I like to see the reactions we get with the different cars we drive. Interestingly, cars like the Subaru WRX and STi and the Honda Type-R get very passionate reactions. They bring about discussion, and it always seems that they end up having people try to justify why they need one. Which is fine, that’s pretty much exactly what I do myself. But we don’t get those reactions from most luxury or “premium” cars, those tend to have people asking us about price, and they just don’t get the same type of response. Those just-mentioned hot little Japanese cars tap something in the soul, and they do it across a surprisingly wide range of ages. To an extent, certain luxury cars draw out a similar reaction. Audi wagons do it a lot, but just about any good wagon does anyway. Still, though, the Euro estates hit something far narrower in breadth. The Japanese hit the guys who aren’t even really car guys.
Maybe it's accessibility; these cars seem more within reach. Yet the reaction comes also from people who have large German sedans and SUVs in their garage. And the car guys are often afraid to get into the Type-R and drive it because they see it as something that is just about spot on in every way but is also sold out. Which makes it dangerous for your wallet. At least until Honda releases some more, which it says it would do. Maybe. Then watch the rush. It starts behind us.
Onto more normal cars. We tested the Rush you see on the cover recently, an excellent example of the type of vehicle meant to answer the needs of space, technology, versatility and modern reality. It got a lot of attention as we drove it around, and it was really interesting to hear the comments people made as they walked up. Before they got the courage to actually ask the guys photographing the car. The comment most often heard? “Is that a small Fortuner?” This bodes extremely well for Toyota.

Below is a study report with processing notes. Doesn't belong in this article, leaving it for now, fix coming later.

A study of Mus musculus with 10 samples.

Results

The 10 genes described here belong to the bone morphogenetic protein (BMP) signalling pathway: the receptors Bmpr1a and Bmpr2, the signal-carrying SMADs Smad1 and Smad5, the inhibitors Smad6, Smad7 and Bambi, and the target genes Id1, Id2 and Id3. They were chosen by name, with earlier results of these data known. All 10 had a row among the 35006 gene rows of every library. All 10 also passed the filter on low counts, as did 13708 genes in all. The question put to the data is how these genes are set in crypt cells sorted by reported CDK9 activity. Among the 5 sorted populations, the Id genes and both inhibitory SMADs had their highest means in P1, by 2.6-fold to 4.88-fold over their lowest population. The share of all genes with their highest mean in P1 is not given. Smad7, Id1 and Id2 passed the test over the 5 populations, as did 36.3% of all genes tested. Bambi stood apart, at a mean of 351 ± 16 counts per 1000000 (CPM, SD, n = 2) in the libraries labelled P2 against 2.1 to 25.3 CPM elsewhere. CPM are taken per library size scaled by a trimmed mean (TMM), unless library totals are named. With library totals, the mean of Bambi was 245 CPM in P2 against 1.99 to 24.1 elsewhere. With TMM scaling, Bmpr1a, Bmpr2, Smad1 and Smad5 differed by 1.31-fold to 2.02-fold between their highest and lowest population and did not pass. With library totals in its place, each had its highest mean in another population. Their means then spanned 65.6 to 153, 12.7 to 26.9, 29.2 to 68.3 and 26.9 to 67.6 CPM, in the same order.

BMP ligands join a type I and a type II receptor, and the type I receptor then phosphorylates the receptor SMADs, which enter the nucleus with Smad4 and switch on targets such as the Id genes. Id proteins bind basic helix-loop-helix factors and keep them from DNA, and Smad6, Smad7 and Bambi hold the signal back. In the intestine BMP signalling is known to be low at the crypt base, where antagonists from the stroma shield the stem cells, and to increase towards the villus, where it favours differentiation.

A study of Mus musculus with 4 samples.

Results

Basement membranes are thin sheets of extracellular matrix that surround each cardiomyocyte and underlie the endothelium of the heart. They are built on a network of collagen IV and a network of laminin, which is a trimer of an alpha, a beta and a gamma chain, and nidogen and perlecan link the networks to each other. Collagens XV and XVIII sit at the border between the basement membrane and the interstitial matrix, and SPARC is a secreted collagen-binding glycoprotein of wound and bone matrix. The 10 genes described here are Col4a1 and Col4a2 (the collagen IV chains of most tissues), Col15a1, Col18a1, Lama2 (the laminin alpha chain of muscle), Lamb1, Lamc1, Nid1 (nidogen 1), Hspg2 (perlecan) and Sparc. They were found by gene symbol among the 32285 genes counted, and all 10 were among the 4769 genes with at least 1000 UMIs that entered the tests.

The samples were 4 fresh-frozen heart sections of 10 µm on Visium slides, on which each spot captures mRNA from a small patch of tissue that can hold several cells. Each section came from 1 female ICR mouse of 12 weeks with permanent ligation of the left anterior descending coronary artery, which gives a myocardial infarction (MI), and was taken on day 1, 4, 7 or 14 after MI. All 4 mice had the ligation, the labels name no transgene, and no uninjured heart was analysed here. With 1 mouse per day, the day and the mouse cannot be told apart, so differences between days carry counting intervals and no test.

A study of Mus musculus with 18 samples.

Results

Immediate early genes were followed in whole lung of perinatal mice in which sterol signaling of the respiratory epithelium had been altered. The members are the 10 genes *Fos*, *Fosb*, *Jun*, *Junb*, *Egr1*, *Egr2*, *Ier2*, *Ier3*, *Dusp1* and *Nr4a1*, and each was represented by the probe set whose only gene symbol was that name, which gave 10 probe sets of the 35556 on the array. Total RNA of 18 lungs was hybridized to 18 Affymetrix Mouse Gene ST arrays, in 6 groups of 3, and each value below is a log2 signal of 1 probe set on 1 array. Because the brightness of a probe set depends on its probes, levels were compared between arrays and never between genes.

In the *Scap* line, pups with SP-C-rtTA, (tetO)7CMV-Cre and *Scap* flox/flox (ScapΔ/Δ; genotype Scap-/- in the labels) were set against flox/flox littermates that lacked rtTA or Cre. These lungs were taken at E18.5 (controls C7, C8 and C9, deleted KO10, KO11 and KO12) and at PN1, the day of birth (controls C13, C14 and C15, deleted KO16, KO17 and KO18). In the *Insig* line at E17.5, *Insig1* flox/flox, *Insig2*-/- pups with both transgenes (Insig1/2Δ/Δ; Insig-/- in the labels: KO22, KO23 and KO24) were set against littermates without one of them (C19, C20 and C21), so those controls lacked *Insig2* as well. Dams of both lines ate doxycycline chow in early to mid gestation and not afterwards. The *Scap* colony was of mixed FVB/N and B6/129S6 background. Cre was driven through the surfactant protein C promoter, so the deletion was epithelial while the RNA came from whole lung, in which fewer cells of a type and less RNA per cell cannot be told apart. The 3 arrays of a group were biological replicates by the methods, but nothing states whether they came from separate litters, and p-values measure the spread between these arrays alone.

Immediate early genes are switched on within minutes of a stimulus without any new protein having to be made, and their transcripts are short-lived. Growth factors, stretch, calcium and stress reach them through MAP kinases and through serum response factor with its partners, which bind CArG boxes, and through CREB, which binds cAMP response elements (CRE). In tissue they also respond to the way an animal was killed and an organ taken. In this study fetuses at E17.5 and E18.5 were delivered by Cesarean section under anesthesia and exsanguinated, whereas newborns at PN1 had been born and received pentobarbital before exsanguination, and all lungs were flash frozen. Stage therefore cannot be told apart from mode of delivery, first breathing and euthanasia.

But that vehicle and those similar to it are really an answer to as many needs as possible but without the dilution, we are used to. When we first laid eyes on the Mitsubishi Expander, the action was pretty much “I really need this thing.” They tick all the right boxes, and they come with pedigrees of reliability and value that make us feel happy to take the chance. Now many of the modern cars are built with multi-platform use in mind, meaning that they are less purpose-built from the ground up for one particular use. A lot of consumers and enthusiasts saw this as a negative, meaning there would be less distinction between the vehicle. It is turning out in many ways to be just the opposite. Perhaps because of the efficiencies of shared platforms and the technologies now available and also perhaps because carmakers are going to great lengths to avoid too much similarity, modern cars seem to be showing their uniqueness as much as anything else. Cars with many similar components, systems, and platforms really feel different and behave in different ways. We no longer look just at what will get us from point A to point B; we want more. These new cars give more of what is wanted to a wider range of consumers.